Shadow Sovereigns: How Global Corporations Are Seizing Power by Susan George is a book that I looked forward to reading. George is an American and French political and social scientist, activist and writer on global social justice, Third World poverty, underdevelopment and debt. She is a fellow and president of the board of the Transnational Institute in Amsterdam. She is a fierce critic of the present policies of the International Monetary Fund (IMF), World Bank (IBRD) and what she calls their ‘maldevelopment model’. She similarly criticizes the structural reform policies of the Washington Consensus on Third World development. She is of U.S. birth but now resides in France, and has dual citizenship since 1994. George attended the Sorbonne, obtaining the French equivalent of a bachelor’s degree in philosophy in 1967.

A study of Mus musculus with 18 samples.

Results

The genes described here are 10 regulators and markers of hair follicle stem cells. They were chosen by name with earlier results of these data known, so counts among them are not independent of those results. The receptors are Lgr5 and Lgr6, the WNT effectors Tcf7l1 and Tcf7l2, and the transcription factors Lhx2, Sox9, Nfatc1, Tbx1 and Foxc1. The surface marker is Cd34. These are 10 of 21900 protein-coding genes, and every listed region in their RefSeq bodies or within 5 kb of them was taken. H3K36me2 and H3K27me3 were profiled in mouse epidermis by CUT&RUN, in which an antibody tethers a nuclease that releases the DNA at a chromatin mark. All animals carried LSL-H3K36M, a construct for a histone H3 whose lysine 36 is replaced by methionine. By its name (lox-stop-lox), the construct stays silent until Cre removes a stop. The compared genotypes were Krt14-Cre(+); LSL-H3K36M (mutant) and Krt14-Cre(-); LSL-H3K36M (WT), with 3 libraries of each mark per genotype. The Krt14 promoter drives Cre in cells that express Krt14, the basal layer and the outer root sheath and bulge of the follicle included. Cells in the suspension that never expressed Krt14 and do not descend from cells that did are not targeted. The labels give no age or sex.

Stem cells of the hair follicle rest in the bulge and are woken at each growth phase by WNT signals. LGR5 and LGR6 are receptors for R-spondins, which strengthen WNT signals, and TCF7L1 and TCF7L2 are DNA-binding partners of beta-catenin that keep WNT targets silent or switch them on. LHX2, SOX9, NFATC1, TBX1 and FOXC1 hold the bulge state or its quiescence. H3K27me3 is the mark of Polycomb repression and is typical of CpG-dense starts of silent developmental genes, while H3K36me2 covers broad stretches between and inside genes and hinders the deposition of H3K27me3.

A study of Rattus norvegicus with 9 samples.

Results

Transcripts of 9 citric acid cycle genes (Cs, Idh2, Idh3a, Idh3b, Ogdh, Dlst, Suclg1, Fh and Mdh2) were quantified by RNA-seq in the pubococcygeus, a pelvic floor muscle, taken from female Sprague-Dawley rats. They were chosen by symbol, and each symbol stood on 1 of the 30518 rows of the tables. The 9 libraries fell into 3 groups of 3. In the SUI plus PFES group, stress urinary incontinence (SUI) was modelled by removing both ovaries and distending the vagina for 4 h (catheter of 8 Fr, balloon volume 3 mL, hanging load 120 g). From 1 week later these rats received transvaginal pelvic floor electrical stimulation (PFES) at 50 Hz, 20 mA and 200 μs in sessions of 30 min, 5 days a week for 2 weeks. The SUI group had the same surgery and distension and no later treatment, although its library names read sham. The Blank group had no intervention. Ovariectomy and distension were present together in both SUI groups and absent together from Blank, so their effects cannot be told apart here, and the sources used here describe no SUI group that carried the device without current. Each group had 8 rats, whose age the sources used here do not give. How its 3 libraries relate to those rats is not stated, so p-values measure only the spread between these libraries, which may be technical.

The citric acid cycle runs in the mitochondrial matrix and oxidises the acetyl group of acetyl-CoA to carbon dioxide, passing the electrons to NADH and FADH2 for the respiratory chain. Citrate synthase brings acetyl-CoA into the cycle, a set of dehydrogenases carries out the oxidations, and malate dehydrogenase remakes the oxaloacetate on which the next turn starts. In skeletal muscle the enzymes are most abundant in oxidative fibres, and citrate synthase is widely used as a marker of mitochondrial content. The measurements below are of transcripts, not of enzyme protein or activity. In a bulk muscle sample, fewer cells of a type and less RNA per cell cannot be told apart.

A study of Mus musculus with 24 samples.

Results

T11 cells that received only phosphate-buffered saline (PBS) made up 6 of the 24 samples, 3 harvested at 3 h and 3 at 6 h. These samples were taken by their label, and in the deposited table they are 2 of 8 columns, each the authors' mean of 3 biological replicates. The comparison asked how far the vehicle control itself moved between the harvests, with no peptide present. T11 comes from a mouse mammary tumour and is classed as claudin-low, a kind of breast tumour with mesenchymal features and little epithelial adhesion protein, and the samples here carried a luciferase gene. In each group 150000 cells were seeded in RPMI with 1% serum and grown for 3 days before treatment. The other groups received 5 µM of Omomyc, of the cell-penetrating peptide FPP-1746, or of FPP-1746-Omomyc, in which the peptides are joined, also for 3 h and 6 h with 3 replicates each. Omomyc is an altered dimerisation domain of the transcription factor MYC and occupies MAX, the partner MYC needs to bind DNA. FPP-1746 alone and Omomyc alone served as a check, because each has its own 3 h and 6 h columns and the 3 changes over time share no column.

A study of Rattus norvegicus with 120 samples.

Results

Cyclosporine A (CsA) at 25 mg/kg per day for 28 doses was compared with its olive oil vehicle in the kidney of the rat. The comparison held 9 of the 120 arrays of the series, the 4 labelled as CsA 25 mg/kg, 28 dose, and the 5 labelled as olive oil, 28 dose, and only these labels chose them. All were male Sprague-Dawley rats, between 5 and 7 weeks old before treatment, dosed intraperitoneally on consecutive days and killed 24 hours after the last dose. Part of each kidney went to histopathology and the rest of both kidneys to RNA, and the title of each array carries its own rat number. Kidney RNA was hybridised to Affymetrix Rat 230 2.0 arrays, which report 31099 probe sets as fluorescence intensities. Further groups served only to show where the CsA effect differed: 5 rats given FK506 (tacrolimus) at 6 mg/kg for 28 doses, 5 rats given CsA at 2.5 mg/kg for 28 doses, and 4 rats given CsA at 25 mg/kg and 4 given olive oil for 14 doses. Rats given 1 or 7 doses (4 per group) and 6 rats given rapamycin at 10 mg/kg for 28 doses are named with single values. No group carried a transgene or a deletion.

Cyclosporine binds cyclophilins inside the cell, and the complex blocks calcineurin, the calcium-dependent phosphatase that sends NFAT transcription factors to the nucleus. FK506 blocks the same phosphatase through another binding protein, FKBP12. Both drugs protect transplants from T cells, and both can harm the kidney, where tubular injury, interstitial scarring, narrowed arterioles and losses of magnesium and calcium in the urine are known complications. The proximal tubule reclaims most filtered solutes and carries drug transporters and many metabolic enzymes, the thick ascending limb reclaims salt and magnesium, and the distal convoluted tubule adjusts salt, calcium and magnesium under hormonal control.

This is a book I really wanted to like and hold up like a beacon so that others could see. However, almost from the start I felt I was caught up in a Dennis Miller type rant, without the humor. I can say I agree almost entirely with George on her positions, but it is the presentation that troubles me. The book is written more as an angry rant than scholarly work or even a work that is looking to change people’s minds. She is preaching to the choir and alienating everyone else.
When discussing the legitimacy of government, I was looking for some Locke or Rousseau, instead there is an argument that corporations are taking over to the point of being able to sue governments. She does not even establish criteria for the legitimacy of a government.
The book is a rollercoaster ride through the wrongs in the world and the dismal state of democracy. It does cover many of the current failures of the system from Monsanto to the corporate takeover of national sovereignty. George also covers the growth of the pharmaceutical Leviathan, the disappearance of small farms, and climate change. Shadow Sovereigns could be a great book with a message to reach the masses, but it seems like George simply went on a rant while her editor was asleep. There is so much good information in this book. It is a shame it is not delivered in a more orderly or formal approach.